Experts see need to review pecking order

Ananta Raj Luitel

Kathmandu, February 27:

In the face of political development after the February 1 royal takeover, legal experts have stressed the need to review constitutional pecking order (Maryadakram) in the high-ranks.

“There is a need to review high ranking officials’ pecking order as per the changed scenario,” advocate Prakash Wosti told The Himalayan Times.

He said the problem arose after the formation of the government under the chairmanship of the King and appointment of vice-chairmen beyond the ways fixed by the 1990 Constitution.

A question emerges whether the Chief Justice can now take the 10th position in the erstwhile pecking order which was earlier occupied by the prime minister.

And which rung do the vice-chairmen fit into? Or, can they be considered as deputy prime ministers? The King had appointed Dr Tulsi Giri and Kritinidhi Bista the vice-chairmen on February 14. However, the government is yet to clarify their position in the formal hierarchy.

The 1990 Constitution does not explicitly provide any grounds for a vice-chairman in the cabinet. “Though an administrative aspect, hierarchy is closely tied up with code of conduct outlined for dignitaries while taking part in official ceremonies,” another lawyer added. The official order of succession of high rankers had come into effect on December 16, 1991 and was updated on September 7, 1992.

“Due to confusion over this protocol, vice-chairman Giri, who is also the Minister of Law, Justice and Parliamentary Affairs, is yet to pay a courtesy call on Chief Justice Hari Prasad Sharma,” a high-ranking official at the Supreme Court said.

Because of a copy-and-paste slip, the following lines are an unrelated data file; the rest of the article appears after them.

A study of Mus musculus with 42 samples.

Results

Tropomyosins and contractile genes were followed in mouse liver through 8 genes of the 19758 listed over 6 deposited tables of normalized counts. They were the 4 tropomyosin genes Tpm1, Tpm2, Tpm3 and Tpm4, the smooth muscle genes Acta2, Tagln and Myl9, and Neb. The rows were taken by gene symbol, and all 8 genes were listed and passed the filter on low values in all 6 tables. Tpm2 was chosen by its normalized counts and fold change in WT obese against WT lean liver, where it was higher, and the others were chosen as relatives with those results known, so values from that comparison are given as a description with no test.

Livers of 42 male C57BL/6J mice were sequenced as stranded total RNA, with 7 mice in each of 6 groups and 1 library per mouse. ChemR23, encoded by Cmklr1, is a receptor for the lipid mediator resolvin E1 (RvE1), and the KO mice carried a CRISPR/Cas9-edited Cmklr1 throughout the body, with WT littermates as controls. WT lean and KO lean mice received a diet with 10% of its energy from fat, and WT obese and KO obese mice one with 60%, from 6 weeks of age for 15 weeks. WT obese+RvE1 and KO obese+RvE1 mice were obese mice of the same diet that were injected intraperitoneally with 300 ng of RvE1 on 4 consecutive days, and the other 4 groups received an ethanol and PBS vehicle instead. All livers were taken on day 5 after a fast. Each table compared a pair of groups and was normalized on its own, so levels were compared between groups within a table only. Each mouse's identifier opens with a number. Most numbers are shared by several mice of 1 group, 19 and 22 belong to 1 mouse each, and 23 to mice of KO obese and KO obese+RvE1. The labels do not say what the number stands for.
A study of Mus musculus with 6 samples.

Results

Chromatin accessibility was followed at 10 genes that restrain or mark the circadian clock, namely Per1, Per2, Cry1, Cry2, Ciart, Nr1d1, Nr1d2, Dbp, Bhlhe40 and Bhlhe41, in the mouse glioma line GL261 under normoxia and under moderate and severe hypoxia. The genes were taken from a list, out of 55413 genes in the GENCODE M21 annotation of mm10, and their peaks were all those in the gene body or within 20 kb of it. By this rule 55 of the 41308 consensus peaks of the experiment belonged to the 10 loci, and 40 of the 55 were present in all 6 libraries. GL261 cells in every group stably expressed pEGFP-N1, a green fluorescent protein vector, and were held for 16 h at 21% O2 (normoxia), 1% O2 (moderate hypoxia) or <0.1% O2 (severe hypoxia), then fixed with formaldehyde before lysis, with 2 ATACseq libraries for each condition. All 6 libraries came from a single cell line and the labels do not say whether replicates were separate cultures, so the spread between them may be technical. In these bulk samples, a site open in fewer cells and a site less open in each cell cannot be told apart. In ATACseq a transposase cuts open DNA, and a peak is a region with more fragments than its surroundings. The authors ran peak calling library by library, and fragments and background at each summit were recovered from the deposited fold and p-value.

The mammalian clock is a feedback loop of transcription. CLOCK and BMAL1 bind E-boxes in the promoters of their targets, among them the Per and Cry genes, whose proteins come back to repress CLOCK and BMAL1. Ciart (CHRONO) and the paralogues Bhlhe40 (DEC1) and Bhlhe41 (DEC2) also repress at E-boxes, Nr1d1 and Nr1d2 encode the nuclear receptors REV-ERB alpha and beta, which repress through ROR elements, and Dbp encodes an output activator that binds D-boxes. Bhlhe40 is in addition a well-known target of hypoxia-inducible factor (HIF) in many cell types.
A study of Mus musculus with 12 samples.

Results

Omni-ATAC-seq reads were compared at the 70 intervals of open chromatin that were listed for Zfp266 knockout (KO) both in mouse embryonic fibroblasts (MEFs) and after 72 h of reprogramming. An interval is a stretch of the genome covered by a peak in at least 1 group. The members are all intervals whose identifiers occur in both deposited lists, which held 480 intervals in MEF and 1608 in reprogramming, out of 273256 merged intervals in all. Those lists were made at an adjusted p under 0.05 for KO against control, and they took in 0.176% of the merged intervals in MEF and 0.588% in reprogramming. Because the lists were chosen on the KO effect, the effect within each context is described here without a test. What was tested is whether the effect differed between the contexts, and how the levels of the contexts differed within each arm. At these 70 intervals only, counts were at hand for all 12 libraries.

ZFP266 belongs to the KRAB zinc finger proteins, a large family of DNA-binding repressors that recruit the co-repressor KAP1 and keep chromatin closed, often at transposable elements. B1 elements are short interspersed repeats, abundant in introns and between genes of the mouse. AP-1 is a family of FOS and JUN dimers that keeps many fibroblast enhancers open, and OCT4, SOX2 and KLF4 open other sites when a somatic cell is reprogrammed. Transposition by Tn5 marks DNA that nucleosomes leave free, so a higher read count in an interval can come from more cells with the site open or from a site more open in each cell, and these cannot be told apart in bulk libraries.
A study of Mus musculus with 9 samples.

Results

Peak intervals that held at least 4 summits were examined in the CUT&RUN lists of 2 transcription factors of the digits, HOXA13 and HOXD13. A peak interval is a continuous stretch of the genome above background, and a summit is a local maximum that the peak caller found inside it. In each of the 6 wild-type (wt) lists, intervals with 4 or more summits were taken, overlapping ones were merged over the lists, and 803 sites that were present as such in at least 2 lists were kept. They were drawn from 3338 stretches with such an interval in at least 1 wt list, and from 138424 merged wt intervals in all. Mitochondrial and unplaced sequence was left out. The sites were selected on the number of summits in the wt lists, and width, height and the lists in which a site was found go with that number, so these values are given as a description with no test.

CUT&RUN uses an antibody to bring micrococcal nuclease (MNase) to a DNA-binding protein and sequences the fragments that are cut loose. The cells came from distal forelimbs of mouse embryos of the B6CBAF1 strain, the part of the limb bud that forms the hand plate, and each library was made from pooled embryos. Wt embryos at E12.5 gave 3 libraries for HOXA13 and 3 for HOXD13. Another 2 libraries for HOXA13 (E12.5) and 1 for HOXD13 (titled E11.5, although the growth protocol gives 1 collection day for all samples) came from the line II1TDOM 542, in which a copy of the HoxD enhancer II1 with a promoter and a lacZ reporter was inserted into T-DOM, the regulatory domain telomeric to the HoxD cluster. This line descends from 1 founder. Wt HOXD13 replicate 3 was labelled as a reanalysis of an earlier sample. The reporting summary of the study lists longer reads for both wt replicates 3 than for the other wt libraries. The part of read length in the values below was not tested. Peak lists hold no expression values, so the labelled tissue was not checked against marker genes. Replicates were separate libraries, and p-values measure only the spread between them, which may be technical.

“Neither Giri has come here nor Chief Justice Sharma has gone to meet him,” he said. The minister is the ex-officio member of the Judicial Council and the Chief Justice is its ex-officio Chairman. According to the official, the Judicial Council could not hold a meeting after the King’s takeover due to that reason. Home Minister Dan Bahadur Shahi, who was also the Law Minister until Giri’s appointment, had immediately paid a courtesy call on the Chief Justice.

The existing pecking order lists 79 individuals below the King and the Deputy Consul General’s notch. While the royals, including the King and Queen, occupy the first nine ranks, the prime minister is placed at the 10th place.

The list outlines an 11th place for Chief Justice and 12th for Speaker of the House of Representatives, who is followed by the Upper House Chairman, Chairman of the Rajparishad Standing Committee, Deputy Prime Minister, Minister and Opposition Leader in the House of Representatives. Former prime ministers are placed in the 18th position.

Ex-Attorney General Mahadev Yadav recalled that such a pecking order was reviewed in 1960 after the late King Mahendra took over, sacking the government led by the late BP Koirala.